On December 22nd, 2016, the National Assembly of the Republic Serbia, adopted the Law on Public-Private Partnership and Concessions (“Official Gazette of 104/2016, hereinafter: the
“Law”), on the Sixth sitting of the Second Regular Session in 2016, which enters into force December 31st, 2016. The main reason for amending the previous Law on Public-Private
Partnership and Concessions (“Official Gazette of RS” 88/2011 and 15/2016) was further and more detailed regulation of certain provisions and compliance with international practice.
Firstly, the Law additionally regulates elements and procedure for granting concessions, by prescribing a model of institutional public-private partnership with elements of concession thus
enabling public entities to participate in public-private partnership with the elements of concession, through forming a joint company with the private partner, for better protection of
the public interest. Additionally, the Law now defines concession for public services and concession for public works as separate forms of concession, and defines concession for public
service in detail.

Furthermore, the possibility of granting concession for use of goods owned by a public body is now prescribed as an option, unlike the previous solution. Thus, if the grantor is a public body, a
public company or legal person authorized by special regulations for granting a concession, the concession act should be approved by the authority under whose competence is the grantor (the
Government, the Government of the autonomous region, or assembly of the local selfgovernment unit). Additionally, the Law specifies which provisions of the law governing public procurement are not applicable in the procedure of selection of the private partner through concession, if such concession is implemented through the public procurement procedure.

The content of the proposal for the adoption of the concession act is also amended, so that in addition to previously regulated elements, the proposal should now also contain information on
other contracts which are concluded simultaneously or after the conclusion of a public contract and other data relevant to the concession. The Law also specifies that the guarantee requested in
the tender documents by grantor must be unconditional, irrevocable, without protest and payable on first call. Finally, concession for projects worth more than EUR 50 million can be specially arranged and implemented in stages, which shall be specified through the act of the Government, which should be adopted in the course of 90 days upon entering into force of the Law.
As for other significant changes, the Law somewhat confirms the so far developed practice by stipulating the option for the private partner to charge the arranged fee for the services provided,
directly from the end users, if such an option is provided by the private-public partnership project proposal/concession act.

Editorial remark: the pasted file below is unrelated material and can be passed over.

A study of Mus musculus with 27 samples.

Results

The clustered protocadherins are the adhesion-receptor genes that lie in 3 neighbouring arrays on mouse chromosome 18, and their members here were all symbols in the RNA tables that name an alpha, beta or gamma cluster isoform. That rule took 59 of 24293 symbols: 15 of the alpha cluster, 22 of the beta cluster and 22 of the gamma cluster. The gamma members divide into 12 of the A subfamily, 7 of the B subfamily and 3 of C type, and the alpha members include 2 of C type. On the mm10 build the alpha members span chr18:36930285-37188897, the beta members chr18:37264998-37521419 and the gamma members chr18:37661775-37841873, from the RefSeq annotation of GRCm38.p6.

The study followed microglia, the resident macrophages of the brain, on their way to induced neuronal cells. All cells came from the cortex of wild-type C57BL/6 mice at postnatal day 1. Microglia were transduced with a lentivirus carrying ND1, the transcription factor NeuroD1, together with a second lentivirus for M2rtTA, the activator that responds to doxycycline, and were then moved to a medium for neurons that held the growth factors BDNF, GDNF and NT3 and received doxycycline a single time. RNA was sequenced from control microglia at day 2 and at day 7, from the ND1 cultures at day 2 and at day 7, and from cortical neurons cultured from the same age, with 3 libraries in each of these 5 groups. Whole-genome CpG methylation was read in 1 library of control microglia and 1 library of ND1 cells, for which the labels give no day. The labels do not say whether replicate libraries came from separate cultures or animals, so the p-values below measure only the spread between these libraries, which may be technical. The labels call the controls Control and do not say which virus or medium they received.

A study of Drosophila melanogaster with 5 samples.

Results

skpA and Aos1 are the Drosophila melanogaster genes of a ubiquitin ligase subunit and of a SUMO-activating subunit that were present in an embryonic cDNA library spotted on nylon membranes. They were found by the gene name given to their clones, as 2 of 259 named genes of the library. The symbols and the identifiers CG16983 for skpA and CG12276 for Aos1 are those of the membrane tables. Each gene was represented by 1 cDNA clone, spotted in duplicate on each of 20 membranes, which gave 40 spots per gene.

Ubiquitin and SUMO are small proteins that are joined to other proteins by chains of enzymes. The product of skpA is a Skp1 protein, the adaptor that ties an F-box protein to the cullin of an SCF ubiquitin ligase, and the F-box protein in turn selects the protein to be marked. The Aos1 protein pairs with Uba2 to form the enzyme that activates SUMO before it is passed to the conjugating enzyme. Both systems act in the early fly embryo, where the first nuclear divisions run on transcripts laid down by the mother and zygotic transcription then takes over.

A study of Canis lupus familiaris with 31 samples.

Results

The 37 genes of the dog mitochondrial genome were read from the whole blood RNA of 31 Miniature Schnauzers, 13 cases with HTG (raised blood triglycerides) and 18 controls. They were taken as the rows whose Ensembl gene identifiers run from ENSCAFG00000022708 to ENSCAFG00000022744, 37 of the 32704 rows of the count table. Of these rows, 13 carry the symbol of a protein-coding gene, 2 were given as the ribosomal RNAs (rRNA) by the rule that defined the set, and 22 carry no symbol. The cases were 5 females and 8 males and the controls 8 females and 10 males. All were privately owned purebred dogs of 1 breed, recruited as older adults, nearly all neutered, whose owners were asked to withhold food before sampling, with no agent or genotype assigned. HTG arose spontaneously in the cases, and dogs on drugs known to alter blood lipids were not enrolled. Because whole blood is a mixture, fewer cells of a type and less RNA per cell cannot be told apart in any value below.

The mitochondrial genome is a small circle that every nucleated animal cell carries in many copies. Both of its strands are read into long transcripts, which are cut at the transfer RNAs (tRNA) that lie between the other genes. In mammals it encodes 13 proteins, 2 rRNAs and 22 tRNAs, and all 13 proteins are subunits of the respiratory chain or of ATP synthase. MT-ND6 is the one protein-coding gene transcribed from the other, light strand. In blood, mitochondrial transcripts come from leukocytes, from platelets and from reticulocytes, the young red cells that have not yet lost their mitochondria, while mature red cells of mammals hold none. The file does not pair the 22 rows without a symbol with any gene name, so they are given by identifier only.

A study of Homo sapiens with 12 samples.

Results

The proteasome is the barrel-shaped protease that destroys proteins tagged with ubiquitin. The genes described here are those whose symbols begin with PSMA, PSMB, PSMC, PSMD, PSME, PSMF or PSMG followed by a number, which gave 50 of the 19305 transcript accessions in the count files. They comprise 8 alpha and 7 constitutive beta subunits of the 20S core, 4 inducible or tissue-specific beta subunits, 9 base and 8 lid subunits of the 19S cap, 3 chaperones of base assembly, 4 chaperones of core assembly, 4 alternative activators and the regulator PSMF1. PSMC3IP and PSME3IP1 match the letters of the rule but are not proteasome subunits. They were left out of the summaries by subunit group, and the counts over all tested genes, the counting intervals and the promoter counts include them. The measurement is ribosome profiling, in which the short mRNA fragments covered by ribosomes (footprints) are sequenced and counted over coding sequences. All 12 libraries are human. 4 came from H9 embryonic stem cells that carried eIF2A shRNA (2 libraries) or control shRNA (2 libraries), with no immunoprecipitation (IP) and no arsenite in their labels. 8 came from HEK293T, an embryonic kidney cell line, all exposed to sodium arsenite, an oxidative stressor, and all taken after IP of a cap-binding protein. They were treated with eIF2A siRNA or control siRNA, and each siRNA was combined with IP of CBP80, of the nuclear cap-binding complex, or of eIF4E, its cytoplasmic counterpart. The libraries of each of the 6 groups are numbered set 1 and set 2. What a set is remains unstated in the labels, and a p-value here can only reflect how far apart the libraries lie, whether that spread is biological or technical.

Provisions regulating special purpose vehicle („SPV“) are also significantly amended in order of neutralizing certain practical dilemmas, mostly regarding the mandatory formation of the SPV.
Thus, the Law now prescribes that the SPV is formed solely for implementation of the publicprivate partnership project/concession, unless otherwise provided in the tender documents, and
also that the private partner is the contracting party in the public contract, regardless of the formation of the SPV. One of the novelties, compared to the previous Law, refers to the duration of the public contract, i.e. the Law now prescribes that the time the public contract is concluded for does not necessarily starts from the date of signing of the public contract, but other options can be provided in the public contract or the tender documents.

Furthermore, certain documents prepared in the procedure for selecting the private partner are now regulated in detail, or their obligatory content has been extended. For instance, the decision
on selection of the most favourable bid, must contain the type of implemented procedure, the number of received bids and criteria of selection that has been applied. The provisions regulating the content of the public contract are specified and amended, while, governed by international practice, the Law now prescribes the possibility of concluding a contract on assigning certain tasks by the private partner to third parties (outsourcing), and the possibility of intervention by the public partner in order to protect the public interest (step-inright). Furthermore, the Law prescribes new provisions governing amendments to public contracts that are implemented at the request of the financiers, which must be economically justified, legally documented and acceptable to partners. The amendments may not disturb the balance of risk sharing at the expense of the public partner, nor the value of public contracts may be increases by more than 3%.

The Article 60 of the Law has also been rephrased so that, unlike the previous version that forbade contracting arbitration as an alternative dispute resolution mechanism when private
partners were domestic entities, the new solution expands the possibility of contracting arbitration to, not only foreign private partners, but also private partners that are directly or
indirectly owned by foreign entities. Finally, the Law stipulates that the compensations can denominated in foreign currency, but the payment must be done in dinars. The final provisions of the Law prescribe that all proceedings that have been initiated up to the day of entering into force of the Law shall be continued in accordance with this Law.